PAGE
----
Japan utility seeks more funds for nuclear crisis
TOKYO (AP) — The Japanese operator of the nuclear power plant devastated in last year's disasters is seeking more government financial support, saying the cost of the cleanup could be double the 5 trillion yen ($62.5 billion) allocated so far.
Tokyo Electric Power Co. made the appeal in a management "action plan" it presented Wednesday.
TEPCO, its finances wrecked by the accident at the Fukushima Dai-Ichi plant in northeastern Japan and the closures of other nuclear plants, has received a 1 trillion yen bailout and was put under government ownership.
Pressed repeatedly for an estimate of exactly how much it will cost to decommission the crippled plant and pay costs for decontamination and damages, TEPCO president Naomi Hirose said it was impossible to know.
But in a statement, the company outlined two potential scenarios, one involving costs of some 10 trillion yen ($125 billion) that it said would make it difficult for TEPCO to raise funding from private lenders and oblige it to seek further government financial support.
The massive earthquake and tsunami in March last year severely damaged four reactors at the Fukushima Dai-ichi plant north of Tokyo, knocking out cooling systems and triggering radiation leaks. Tens of thousands of people fled their homes in the worst atomic disaster since Chernobyl.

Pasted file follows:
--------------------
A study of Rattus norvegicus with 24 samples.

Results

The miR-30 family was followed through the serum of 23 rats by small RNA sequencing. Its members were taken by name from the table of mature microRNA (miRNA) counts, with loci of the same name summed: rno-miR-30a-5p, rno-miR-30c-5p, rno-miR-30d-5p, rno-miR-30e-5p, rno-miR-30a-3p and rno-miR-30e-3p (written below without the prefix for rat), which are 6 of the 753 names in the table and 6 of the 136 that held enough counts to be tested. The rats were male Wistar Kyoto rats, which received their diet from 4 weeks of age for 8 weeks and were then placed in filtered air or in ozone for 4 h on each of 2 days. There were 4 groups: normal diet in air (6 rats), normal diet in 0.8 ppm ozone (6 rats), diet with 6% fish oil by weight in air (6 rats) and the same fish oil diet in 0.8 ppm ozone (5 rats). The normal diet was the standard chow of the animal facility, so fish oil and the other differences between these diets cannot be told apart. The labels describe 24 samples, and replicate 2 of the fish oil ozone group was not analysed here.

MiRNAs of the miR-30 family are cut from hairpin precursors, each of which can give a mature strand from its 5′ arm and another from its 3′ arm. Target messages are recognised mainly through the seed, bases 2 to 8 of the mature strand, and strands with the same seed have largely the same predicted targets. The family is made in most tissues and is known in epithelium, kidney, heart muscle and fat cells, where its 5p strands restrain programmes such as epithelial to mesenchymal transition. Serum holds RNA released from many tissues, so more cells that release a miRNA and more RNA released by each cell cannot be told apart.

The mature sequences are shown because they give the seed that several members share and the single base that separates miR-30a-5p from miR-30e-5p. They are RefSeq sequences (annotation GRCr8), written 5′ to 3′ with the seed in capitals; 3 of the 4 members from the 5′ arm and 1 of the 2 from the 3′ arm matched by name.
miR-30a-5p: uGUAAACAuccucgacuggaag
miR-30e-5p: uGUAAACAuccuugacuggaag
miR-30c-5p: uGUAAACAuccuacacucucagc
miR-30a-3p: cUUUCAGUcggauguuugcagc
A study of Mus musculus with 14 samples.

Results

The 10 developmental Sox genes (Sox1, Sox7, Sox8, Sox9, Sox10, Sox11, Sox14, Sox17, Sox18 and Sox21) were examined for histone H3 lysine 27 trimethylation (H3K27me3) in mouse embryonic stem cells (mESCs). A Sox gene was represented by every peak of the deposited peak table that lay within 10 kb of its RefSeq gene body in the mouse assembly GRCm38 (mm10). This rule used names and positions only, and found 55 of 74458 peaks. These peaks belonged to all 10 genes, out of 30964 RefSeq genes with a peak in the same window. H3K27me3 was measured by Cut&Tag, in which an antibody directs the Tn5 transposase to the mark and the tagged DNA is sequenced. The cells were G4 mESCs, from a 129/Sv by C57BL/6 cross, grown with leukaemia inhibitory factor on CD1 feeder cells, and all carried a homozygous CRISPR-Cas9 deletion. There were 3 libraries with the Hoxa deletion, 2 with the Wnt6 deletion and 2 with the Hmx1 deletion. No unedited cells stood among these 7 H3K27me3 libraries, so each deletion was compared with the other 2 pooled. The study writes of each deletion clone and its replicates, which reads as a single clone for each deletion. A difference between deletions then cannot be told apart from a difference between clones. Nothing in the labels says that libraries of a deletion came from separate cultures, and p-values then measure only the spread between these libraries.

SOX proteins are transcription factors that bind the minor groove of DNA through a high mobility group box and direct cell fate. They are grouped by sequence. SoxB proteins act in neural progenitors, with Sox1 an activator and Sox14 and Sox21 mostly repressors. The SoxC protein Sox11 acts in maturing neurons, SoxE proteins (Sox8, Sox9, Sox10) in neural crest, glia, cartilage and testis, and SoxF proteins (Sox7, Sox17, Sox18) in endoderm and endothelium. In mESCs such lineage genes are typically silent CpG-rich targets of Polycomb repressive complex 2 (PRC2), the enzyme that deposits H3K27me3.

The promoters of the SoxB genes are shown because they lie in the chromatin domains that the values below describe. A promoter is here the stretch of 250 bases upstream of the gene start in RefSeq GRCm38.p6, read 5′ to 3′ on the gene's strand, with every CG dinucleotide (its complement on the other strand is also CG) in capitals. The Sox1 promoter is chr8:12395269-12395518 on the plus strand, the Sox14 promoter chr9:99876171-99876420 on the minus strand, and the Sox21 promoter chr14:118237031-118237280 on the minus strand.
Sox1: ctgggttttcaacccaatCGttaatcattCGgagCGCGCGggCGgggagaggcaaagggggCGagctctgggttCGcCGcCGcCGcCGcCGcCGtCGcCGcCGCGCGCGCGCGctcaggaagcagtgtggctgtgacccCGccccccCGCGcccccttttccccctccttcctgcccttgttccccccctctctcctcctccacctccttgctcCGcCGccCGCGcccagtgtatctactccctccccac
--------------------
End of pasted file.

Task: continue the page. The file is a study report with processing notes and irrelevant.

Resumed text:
Officials say the plant has since stabilized, but it runs on makeshift equipment, causing concerns about its ability to withstand any major earthquakes. TEPCO officials say it will take about 40 years to fully decommission the wrecked reactors, a huge financial burden in addition to the astronomical compensation payments.
Including the bailout, the government has injected 2.5 trillion yen ($31.3 billion) into TEPCO and allocated at least 5 trillion yen for compensation for the disaster and decontamination.
On Wednesday, company executives outlined plans to revitalize TEPCO by cutting costs and making it competitive, arguing that in the long run, keeping the company as a public utility would run counter to the government's strategy of increasing competitiveness in the power sector.
The company, which serves the Tokyo region and is the world's fourth largest electrical utility, has raised electricity rates and sold assets to help staunch its flood of red ink.
TEPCO last week reported a 299.5 billion yen ($3.7 billion) loss in April-September, compared with losses of 627.3 billion a year earlier. It forecast a 45 billion yen ($563 million) loss for the fiscal year ending March 31, down from its earlier estimate of a 160 billion yen ($2 billion) loss.